Often, persons assigned female at birth (AFAB) and who go through an estrogenic puberty tend to store fat in regions of the body such as the hips, buttocks and thighs. Sometimes, trans women and non-binary and gender-diverse feminine spectrum trans folks who underwent an androgenic puberty may experience discomfort or gender dysphoria related to their body fat distribution. It’s possible to reduce these feelings of dysphoria through a variety of surgical and lifestyle choices. However, there are limitations which we’ll cover below.
The pubertal development someone undergoes generally determines the bone structure they will have as an adult. Alterations in the bony framework are unlikely with hormone therapy, and surgical modification of the pelvis comes with significant risks that can outweigh the benefits based on current surgical techniques.
It has long been assumed that the hormone estrogen was largely responsible for the difference in fat distribution. While every body produces estrogen, levels tend to be significantly higher in people who are AFAB. As a result, AFAB folks tend to develop breasts and are more prone to store subcutaneous fat around the hips and thighs. People who are AMAB tend to produce far less estrogen.
In order to reduce the physiologic changes that occur during and after puberty, transwomen and transfeminine folk may take estrogen or estradiol. This hormone helps to achieve a feminization through introduction of breast development, altered fat distribution, softening skin and altering mood. Patients may also take testosterone blockers such as spironolactone, gonadotropin-releasing hormone agonists, leuprolide, finasteride, and progesterone.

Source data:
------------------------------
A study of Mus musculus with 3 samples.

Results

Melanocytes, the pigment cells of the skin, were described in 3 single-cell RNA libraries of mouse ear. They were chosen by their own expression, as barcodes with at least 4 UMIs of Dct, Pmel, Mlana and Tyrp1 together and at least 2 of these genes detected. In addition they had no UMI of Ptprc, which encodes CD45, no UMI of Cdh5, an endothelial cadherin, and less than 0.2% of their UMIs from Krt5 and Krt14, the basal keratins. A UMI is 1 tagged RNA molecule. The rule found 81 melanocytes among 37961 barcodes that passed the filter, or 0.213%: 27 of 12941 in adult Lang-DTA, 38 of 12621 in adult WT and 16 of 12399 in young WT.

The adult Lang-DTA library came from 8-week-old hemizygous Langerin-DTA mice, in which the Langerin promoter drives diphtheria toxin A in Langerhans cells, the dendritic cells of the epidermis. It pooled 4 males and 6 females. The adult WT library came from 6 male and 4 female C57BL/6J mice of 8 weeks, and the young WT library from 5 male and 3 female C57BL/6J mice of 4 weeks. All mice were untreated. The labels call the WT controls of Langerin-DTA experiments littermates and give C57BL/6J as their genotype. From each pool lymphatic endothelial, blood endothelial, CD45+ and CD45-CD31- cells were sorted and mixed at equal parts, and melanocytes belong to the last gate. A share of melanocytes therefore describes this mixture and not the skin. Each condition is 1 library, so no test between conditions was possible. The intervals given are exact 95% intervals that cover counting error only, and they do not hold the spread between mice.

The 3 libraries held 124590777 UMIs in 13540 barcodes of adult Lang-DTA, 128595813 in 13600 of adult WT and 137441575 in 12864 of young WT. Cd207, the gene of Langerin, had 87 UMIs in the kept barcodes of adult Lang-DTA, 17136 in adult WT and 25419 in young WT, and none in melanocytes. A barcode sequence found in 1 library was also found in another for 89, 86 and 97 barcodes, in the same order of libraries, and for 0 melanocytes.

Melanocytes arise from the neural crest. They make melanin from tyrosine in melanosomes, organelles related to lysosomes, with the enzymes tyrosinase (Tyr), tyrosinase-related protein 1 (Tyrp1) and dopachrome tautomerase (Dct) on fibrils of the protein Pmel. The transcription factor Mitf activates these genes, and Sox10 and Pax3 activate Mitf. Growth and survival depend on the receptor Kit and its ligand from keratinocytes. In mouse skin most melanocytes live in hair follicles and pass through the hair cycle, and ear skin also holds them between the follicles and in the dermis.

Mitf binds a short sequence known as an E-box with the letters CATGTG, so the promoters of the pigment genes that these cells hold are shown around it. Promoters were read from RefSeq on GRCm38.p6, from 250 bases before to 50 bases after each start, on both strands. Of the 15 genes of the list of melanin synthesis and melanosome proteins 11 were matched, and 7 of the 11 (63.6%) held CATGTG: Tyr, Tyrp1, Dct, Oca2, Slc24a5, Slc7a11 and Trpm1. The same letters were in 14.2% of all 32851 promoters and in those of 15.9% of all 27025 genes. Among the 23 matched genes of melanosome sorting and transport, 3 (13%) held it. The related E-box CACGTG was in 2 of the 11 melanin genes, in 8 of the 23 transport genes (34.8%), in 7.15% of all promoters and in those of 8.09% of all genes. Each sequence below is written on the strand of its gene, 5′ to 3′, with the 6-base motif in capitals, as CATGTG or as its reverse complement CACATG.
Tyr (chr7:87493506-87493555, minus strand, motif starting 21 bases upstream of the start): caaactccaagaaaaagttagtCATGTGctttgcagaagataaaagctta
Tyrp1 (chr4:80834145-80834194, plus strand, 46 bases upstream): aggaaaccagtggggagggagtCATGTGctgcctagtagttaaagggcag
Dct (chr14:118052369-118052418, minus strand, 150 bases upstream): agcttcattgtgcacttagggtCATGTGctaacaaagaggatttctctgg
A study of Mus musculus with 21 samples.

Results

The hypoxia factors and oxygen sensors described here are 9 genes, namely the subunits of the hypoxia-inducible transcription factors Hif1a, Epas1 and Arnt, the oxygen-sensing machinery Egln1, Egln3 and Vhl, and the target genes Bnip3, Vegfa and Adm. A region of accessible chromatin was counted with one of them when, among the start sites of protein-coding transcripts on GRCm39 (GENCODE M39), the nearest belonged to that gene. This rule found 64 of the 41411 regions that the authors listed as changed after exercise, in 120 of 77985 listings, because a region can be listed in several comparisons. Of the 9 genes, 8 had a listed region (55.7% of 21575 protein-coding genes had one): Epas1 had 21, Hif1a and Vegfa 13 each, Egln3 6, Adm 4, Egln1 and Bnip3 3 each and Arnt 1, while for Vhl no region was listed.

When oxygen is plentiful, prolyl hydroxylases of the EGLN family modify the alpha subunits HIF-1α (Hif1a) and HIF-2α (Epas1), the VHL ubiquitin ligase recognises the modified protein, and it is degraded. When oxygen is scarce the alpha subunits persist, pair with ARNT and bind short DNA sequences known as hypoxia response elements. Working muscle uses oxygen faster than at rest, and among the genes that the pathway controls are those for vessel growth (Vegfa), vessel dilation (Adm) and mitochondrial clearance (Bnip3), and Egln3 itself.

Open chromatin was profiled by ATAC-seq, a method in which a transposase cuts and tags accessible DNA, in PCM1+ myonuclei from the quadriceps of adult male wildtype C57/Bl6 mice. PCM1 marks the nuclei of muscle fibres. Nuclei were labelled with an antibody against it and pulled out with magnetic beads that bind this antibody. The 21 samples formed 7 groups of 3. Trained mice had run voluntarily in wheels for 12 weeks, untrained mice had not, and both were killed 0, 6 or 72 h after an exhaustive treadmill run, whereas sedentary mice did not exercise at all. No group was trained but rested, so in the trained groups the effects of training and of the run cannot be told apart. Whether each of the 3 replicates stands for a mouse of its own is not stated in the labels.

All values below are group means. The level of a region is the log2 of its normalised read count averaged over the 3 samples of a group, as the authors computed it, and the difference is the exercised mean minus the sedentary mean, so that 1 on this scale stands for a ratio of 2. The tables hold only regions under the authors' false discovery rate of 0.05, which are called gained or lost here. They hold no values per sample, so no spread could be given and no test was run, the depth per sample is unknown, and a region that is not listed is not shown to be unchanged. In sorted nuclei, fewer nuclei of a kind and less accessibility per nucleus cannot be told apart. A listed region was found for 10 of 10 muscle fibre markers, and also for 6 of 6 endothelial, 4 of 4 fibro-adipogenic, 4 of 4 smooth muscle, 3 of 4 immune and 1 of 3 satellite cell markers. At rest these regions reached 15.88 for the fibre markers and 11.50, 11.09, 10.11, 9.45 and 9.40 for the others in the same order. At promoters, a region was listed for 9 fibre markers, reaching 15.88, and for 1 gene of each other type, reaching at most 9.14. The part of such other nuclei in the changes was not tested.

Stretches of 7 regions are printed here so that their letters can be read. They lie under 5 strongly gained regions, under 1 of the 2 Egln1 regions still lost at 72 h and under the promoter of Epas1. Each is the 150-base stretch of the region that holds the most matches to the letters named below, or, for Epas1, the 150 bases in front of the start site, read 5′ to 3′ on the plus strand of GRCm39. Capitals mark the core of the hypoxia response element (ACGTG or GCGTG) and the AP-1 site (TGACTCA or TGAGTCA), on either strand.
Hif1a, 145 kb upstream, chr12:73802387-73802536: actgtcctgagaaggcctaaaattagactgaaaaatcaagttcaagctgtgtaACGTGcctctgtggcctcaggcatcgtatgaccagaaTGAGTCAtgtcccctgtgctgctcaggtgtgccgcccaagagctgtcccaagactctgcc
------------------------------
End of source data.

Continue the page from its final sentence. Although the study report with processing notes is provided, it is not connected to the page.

Although Dr. Mosser doesn’t require anyone to be on HRT for body contouring or top surgery, being on estrogen for a year prior may have a positive effect on fat distribution and gluteal shape.
WHR (mentioned previously) is used to compare the narrowest aspect of the space between the ribs to the widest aspect of the buttocks. Although an absolute number is not agreed upon, most tend to suggest that 0.7 is an approximate WHR that would reduce experiences of gender dysphoria.
As you can see in the above figures, gluteal forms differ. An AMAB gluteal form tends to have a flatness or concavity at the mid-lateral buttock, and a relative absence of lateral hip fullness. A smooth inward sweep of the waist and lower back are characteristic of a more feminine form. Therefore, approaches in body contouring for transwomen and feminine-spectrum trans folks aim at increasing the fatty tissue in the gluteal region to highlight a distinct transition from the lower back.
Lowering the waistline through MTF/N trunk liposuction in the abdominal and flank regions can have a significant impact on the fit of feminine clothing, which tends to accentuate the waist.
Every body is unique, and here are four examples of AFAB body types. Use these images to help guide your decision making around your gender-affirming body contour goals. Schedule a consultation with us so we can learn more about your body contouring goals.
Pear-shaped bodies describe folks who have a hip measurement that is greater than their bust. While fat distribution varies, pear-shaped females are more likely to carry weight in the hips, buttocks and thighs than in the upper body.
Banana-shaped bodies often possess a very even distribution of fat among their waist, buttocks, chest and face, and have a banana or rectangular shape.
Apple-shaped bodies often have shoulders that are comparably broader than their hips. They can possess larger busts, a less defined waist, and thin hips and thighs. Fat is mainly distributed in the face, chest and abdomen.
An hourglass shape describes a body type with fat that is distributed equally between the upper and lower body, paired with a very narrow waist.